Anton Bruckner, the Hunting Horn and Josef Schantl

There is no instrument more closely associated with the hunt than the horn and there is a long history into the use of the hunting horn in Austria.

Carlo Maria von Weber, Gustav Mahler, Felix Mendelssohn, Richard Wagner and certainly Anton Bruckner evoked the hunting horn in their music. In 19th century Austria, hunting horn ensembles were extremely popular and it should come as no surprise that their performances were the subject of some of the earliest sound recordings.

One of the best known of these Austrian horn players was Professor Josef Schantl (b. February 8, 1842 in Graz, Styria; d. April 27, 1902 in Amstetten, Lower-Austria). Schantl came from a long line of horn players including his father (Florian Schantl in Graz), his grandfather (Franz Xaver Schantl) his uncle, and two of his brothers.

Schantl began his orchestra career with the Johann Strauß "Kapelle" (Orchestra) where he encountered the "Tristan und Isolde" Prelude (1st performed by this Orchestra, after the Vienna Court Opera Orchestra had refused it after too many rehearsals. This happened before the Munich world-premiere of the Opera).

Schantl became principal horn-player with the Vienna "Hof-Oper" and the Vienna Philharmonic in October of 1870. He premiered Johannes Brahms 2nd and 3rd Symphonies, Anton Bruckner 3rd and 8th Symphonies, and other important works with the Vienna Philharmonic. Schantl was actively involved with the restoration and renaissance of the hunting-music repertoire. As a result, he received many invitations by princes or other nobles to coach their bands of hunting horn-players. Schantl willing accepted since it often allowed him to join in the subsequent hunts. Count Hans Wilczek asked him to write special fanfares for the different bands and thus Schantl was recognized as the re-creator of the Austrian hunting-music genre..

Schantl wrote the 1st Wagner excerpt books, the 1st excerpt studies for the Wagner-Tuba, and his famous "Great Horn Method" encompassed four volumes. When Richard Wagner conducted in Vienna the preliminary performances of parts of the "Ring Cycle" in 1875, Schantl played the "Long Call" and did so many times until his early retirement.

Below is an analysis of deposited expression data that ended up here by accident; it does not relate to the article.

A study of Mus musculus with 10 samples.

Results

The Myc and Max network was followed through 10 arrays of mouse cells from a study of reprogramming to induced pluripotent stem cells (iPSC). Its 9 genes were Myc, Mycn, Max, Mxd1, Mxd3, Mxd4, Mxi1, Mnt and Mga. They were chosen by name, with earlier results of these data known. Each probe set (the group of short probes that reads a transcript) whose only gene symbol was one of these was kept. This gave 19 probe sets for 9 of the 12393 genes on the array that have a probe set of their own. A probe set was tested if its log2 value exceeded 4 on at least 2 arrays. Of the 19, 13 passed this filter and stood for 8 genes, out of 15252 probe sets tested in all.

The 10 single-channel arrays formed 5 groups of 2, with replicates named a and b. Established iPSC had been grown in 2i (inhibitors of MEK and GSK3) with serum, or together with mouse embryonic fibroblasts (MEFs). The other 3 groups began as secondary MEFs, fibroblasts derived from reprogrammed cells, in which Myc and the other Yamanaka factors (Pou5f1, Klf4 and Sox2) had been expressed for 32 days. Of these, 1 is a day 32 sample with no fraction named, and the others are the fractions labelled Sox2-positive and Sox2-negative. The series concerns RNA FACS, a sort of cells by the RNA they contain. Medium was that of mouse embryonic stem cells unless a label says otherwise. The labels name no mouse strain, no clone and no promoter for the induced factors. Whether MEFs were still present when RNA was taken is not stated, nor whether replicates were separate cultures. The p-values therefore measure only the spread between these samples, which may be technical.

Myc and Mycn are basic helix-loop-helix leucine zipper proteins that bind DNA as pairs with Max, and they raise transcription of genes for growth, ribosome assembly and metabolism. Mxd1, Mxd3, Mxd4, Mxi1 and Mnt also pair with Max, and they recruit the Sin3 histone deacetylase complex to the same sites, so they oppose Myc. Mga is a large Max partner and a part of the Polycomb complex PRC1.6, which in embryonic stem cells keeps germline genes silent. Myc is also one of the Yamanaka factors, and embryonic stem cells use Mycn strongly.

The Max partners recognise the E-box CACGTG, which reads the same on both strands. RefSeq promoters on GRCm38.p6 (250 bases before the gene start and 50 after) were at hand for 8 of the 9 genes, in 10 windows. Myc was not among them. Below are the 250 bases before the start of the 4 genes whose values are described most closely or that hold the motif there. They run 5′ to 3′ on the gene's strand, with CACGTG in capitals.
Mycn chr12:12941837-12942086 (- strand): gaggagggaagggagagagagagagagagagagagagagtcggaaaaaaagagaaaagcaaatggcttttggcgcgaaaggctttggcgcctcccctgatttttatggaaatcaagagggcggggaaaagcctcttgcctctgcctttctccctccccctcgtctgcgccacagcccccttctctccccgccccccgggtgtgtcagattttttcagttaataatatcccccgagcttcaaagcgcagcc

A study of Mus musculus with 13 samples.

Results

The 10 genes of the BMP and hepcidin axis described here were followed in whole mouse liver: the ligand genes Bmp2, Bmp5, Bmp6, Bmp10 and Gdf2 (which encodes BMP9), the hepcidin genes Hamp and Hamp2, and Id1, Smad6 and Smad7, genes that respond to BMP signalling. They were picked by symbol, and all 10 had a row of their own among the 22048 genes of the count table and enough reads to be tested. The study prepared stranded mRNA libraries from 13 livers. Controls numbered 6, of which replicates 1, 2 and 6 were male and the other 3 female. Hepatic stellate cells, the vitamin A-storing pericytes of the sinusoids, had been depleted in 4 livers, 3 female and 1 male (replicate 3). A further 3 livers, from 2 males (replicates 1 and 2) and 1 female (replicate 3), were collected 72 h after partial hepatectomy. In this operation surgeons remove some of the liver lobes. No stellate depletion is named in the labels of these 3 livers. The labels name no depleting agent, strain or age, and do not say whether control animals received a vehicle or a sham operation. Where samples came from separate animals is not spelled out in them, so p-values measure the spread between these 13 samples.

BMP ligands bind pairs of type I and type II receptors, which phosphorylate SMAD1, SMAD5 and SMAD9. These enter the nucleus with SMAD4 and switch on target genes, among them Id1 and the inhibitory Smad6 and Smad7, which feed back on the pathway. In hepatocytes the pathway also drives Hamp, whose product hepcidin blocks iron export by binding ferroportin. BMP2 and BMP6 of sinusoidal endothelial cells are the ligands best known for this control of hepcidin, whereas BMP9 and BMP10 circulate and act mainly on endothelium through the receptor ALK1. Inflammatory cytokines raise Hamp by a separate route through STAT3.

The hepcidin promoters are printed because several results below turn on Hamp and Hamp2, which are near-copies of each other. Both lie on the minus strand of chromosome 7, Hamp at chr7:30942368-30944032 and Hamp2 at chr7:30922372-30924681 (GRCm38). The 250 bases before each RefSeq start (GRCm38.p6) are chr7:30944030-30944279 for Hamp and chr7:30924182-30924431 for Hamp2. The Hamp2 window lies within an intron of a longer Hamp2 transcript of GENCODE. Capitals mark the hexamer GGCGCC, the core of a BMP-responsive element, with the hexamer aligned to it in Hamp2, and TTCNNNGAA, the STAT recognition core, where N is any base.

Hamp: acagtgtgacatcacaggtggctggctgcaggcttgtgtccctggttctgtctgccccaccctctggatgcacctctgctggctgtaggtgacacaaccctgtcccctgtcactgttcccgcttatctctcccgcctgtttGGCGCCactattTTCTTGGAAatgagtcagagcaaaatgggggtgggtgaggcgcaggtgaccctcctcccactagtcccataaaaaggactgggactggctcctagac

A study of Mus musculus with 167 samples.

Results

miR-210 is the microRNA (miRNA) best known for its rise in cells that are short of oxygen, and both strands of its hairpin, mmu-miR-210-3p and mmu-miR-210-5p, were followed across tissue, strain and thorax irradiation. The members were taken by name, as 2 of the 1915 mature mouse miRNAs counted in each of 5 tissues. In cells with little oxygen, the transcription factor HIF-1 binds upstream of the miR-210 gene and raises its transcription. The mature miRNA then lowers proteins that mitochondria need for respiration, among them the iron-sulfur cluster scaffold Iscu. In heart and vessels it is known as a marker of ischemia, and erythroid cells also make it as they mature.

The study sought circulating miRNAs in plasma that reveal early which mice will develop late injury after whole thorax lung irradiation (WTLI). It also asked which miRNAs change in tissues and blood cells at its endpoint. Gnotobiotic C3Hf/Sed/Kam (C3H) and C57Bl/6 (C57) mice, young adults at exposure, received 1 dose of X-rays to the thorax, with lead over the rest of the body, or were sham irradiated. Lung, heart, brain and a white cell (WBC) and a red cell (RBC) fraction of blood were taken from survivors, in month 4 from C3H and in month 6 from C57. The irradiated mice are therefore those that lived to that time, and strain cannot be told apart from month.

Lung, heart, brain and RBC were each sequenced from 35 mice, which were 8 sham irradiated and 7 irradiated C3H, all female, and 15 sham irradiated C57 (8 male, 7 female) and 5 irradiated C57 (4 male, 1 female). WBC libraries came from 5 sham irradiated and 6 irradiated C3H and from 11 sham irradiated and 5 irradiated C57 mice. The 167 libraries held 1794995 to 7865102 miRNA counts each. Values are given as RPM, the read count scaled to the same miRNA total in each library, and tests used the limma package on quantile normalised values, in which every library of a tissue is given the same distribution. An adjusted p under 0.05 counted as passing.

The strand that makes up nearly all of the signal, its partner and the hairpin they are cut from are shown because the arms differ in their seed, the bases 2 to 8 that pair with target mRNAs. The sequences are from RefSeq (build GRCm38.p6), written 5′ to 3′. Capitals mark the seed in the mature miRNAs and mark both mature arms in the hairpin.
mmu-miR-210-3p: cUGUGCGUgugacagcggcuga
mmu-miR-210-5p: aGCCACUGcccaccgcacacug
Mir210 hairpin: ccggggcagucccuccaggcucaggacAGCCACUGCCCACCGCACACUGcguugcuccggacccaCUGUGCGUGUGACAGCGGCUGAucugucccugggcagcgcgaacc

Schantl shared the principal horn position in the orchestra with Emil Wipperich and Christian Novak, Sr. Schantl was not allowed to teach at the Academy because he lacked the required academic credentials. So, Emil Wipperich taught at the Academy and Schantl at the Conservatory. Fortunately, most of his compositions are preserved.

As stated above, hunting horn ensembles were often the subject of early phonograph recordings. One of the earliest (prior to 1910) is of the then popular "Im Walde." The recording can be played here.

To date, we cannot locate a recording that directly connects Josef Schantl as a performer. Of other early recordings, we have the names of the performers, but no direct connection of them to performances of Bruckner's music. But the musical example gives a good indication of the art of horn playing at the time when Bruckner's music was first being performed.

My thanks to colleague, Gilles Houle who spent a good deal of time on the Internet searching for links between the earliest horn player recordings and the performers of Bruckner's music in turn-of-the-century Austria.